Articles written in Resonance – Journal of Science Education
Volume 1 Issue 1 January 1996 pp 63-70 General Article
Volume 1 Issue 2 February 1996 pp 117-119 Book Review
Volume 1 Issue 4 April 1996 pp 87-89 Book Review
Volume 1 Issue 5 May 1996 pp 82-84 Research News
Volume 1 Issue 6 June 1996 pp 2-4 Article-in-a-Box
Volume 4 Issue 2 February 1999 pp 88-90 Book Review
Volume 5 Issue 2 February 2000 pp 76-79 Research News
Volume 5 Issue 4 April 2000 pp 62-73 General Article
Volume 5 Issue 9 September 2000 pp 58-68 General Article
Volume 6 Issue 4 April 2001 pp 4-5 Editorial
Volume 10 Issue 2 February 2005 pp 3-5 Article-in-a-Box
Volume 10 Issue 11 November 2005 pp 5-5 Article-in-a-Box
Volume 10 Issue 11 November 2005 pp 95-97 Book Review
Volume 23 Issue 5 May 2018 pp 609-612 Book Review
Volume 23 Issue 8 August 2018 pp 841-843 Article-in-a-Box
Volume 23 Issue 8 August 2018 pp 871-884 Series Article
In this series of articles, I will introduce the reader to the scienceof ethology, somewhat indirectly by describing simpleexperiments, both old and new, designed to understand howand why animals behave the way they do. My emphasis willbe on the design of the experiments and my goal will be tomotivate readers not only to think about the design but alsoto come up with alternatives and improvements. Motivatedreaders can indeed replicate some of these experiments evenif they end up replacing the study animal or the behaviours ofinterest with their own favourite choices. In the first part ofthe series, I describe how Niko Tinbergen – Nobel Laureateand one of the founding fathers of ethology (the science of animalbehaviour) – designed remarkably simple experimentsto successfully understand how digger wasps find their ownnests in a complex habitat also consisting nests built by otherwasps.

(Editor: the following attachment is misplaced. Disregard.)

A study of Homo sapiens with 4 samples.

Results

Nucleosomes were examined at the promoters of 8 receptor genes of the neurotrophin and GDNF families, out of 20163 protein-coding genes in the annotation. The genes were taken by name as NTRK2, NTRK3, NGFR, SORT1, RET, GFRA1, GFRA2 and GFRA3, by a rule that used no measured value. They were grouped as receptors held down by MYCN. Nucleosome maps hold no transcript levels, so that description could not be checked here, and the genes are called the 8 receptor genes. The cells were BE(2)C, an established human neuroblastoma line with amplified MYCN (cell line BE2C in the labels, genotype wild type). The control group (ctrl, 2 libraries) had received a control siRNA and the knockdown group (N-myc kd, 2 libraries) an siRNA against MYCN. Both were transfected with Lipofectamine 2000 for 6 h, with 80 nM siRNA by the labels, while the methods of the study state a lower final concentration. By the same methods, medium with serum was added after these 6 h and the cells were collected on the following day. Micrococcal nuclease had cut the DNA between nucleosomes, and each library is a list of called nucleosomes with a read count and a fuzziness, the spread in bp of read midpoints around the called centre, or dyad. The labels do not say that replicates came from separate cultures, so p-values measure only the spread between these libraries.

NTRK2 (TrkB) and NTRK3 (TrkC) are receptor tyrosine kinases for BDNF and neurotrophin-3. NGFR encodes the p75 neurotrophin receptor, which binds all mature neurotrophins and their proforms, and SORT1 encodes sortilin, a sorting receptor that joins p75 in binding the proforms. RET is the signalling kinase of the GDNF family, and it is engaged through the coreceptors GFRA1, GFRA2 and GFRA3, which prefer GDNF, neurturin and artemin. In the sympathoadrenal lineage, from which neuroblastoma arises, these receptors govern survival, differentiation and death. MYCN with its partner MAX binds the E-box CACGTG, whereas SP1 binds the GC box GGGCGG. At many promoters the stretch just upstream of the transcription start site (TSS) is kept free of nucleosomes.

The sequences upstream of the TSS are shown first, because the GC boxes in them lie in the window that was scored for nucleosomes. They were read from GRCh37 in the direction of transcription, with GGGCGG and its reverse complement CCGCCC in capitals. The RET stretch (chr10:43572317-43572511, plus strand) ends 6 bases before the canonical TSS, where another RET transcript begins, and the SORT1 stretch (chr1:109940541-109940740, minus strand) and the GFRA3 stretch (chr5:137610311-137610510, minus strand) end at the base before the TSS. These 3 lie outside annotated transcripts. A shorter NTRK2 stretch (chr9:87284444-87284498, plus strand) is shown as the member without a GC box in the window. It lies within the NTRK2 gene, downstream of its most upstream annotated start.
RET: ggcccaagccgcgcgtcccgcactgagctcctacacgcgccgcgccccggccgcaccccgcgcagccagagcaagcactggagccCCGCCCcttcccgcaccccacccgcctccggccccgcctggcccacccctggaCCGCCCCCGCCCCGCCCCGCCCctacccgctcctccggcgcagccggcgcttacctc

Volume 23 Issue 10 October 2018 pp 1101-1116 General Article
In the second article in the series, I will describe how theyoung Karl von Frisch, later to become another founding fatherof ethology and Nobel Laureate, defied established authorityto design simple yet logically clever experiments toshow that honey bees indeed have colour vision. His experimentsforever changed our view of animals and also the wayexperiments in animal behaviour are designed. It might interestreaders to know that Karl von Frisch’s experimentsdescribed in this part inspired Tinbergen’s experiments describedin the previous article in this series.
Volume 23 Issue 11 November 2018 pp 1243-1257 General Article
In this article, I will describe how a simple, curiosity-basedexperiment to understand how ants are smart enough to choosethe shortest path led the exploration of self-organization andswarm-intelligence and resulted in major applications in computerscience and optimization algorithms. The focus willbe on curiosity, simplicity, interdisciplinarity, and being unmindfulof immediate applications.